The paper “ Morocco and Other Cities as Important Spaces to Practice Consumption and Construct Identity" is a fascinating example of a literature review on social science. Consumption has emerged as a major theme in the modern debates both in the humanities as well as in the social sciences. As a result, every issue in society seems to have an association with the ability to consume. This can be viewed as a reflection of the wider process under which the very basic nature of our society seems to be implanted with consumer ethics (Miles & Miles, 2004, p.
2). Similarly, consumption has been perceived as being ideological. This is founded on the fact that consumption plays a central role in the maintenance of social relationships between people and their physical environment. This aspect is evident in the cities or urban centers that have been viewed as spaces to practice consumption or construct of identity. This fact is supported by Zukin (1998, p. 825) who determined that attention in the lifestyle in the urban areas has generated new and highly visible consumption spaces.
These are epitomized by boutiques, coffee bars, art galleries, cuisine restaurants, and Nouvelles. This has, in turn, generated new and sophisticated retail strategies combining, sales, advertisement, and entertainment as well as real estate development. This has shaped the construction of identity in the metropolitan spaces. Against this backdrop, this paper will focus on interrogating the assumption that cities are important spaces to practice consumption and/or construct identity. This will be discussed with reference to the consumption of populations/identities linked to place with the case study being Morocco which has seen several campaigns trying to sell Morocco as a place to experience the Orient.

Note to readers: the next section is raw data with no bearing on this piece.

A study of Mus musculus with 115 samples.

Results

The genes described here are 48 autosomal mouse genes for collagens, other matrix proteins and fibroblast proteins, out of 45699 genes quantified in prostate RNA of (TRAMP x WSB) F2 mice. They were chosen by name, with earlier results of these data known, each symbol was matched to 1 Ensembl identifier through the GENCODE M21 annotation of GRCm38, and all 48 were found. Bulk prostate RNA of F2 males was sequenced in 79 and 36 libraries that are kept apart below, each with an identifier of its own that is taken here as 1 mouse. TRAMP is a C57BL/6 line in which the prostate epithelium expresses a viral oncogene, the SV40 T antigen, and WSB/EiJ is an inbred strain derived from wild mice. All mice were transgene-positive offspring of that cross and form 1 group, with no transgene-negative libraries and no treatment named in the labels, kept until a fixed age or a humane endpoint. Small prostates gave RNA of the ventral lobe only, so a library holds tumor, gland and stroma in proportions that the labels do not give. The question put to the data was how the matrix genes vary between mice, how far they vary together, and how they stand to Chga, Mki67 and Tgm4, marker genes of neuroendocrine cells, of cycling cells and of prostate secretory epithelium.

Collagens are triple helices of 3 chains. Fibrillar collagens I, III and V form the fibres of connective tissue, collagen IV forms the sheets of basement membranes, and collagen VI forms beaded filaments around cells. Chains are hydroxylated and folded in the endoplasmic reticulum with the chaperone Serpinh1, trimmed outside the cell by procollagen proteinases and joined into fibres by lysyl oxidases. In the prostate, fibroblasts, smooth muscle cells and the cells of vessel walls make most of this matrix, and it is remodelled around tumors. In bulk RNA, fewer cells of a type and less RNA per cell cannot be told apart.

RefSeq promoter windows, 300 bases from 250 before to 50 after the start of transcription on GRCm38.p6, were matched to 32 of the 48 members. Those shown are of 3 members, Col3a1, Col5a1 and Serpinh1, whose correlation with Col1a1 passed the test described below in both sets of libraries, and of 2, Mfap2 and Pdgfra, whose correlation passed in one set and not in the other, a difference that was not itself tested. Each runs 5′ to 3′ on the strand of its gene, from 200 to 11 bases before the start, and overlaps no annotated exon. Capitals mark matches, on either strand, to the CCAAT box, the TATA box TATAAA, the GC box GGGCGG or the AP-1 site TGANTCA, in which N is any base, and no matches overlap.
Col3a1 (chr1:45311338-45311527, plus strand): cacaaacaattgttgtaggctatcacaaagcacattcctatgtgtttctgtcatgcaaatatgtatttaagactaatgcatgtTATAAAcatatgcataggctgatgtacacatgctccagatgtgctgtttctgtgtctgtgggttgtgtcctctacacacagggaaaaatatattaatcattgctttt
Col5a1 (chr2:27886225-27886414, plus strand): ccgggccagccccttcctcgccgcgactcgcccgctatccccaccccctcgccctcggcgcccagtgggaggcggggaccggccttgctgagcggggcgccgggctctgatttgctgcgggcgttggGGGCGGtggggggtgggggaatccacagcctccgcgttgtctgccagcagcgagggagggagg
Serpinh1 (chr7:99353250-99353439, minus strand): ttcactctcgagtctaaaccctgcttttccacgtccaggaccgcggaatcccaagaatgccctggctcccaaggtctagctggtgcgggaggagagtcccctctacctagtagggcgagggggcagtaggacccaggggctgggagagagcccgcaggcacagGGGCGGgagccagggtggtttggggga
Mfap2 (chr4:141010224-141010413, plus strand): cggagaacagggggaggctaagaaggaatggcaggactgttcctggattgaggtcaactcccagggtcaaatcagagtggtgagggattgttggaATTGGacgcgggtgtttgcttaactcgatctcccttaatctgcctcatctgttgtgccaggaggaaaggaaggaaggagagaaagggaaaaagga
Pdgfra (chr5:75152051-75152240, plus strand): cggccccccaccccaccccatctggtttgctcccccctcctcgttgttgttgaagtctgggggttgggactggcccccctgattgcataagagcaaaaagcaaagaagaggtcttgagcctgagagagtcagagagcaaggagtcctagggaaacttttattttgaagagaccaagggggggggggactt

Thus, the city in this country through its architecture and activities present to the tourists and invites them to consume it in such away. Consumption/construct identity in citiesIn a generic sense, a city cannot be simplistically perceived as one great mass of people but instead, it entails diverse groupings of collectives and individual persons. Thus, each city has its own distinct characteristics that emanate from peculiar demographic profiles of the members of the populations inhabiting the city. In addition, it has been cited that the social structure of cities is not characterized by constant stability but instead endowed with extensive dynamism which can be attributed to the historical, cultural, political, economic and environmental factors. Generally speaking, it can be increasingly easy to forget in founding an understanding of consumption in the post-modern epoch that there are considerable linkages that are historical in nature between the cities and consumption.
This is robustly based at the core of modernity as pointed out by Miles and Paddison (1998) in their work Urban consumption: A historiographical note. However, Miles (2010, p.
1) determined that the cities in the contemporary world are both were and what we consume. In this regard, the cities have been regarded as nothing more than a space for consumption in which diverse members of the population in the metropolitan spaces seemingly express themselves as citizens of a consumer society. In this regard, consumption lies at the heart of the modern city and as such, the consumption spaces lie at the core of what it denotes to be a citizen of the metropolitan society that people inhabit.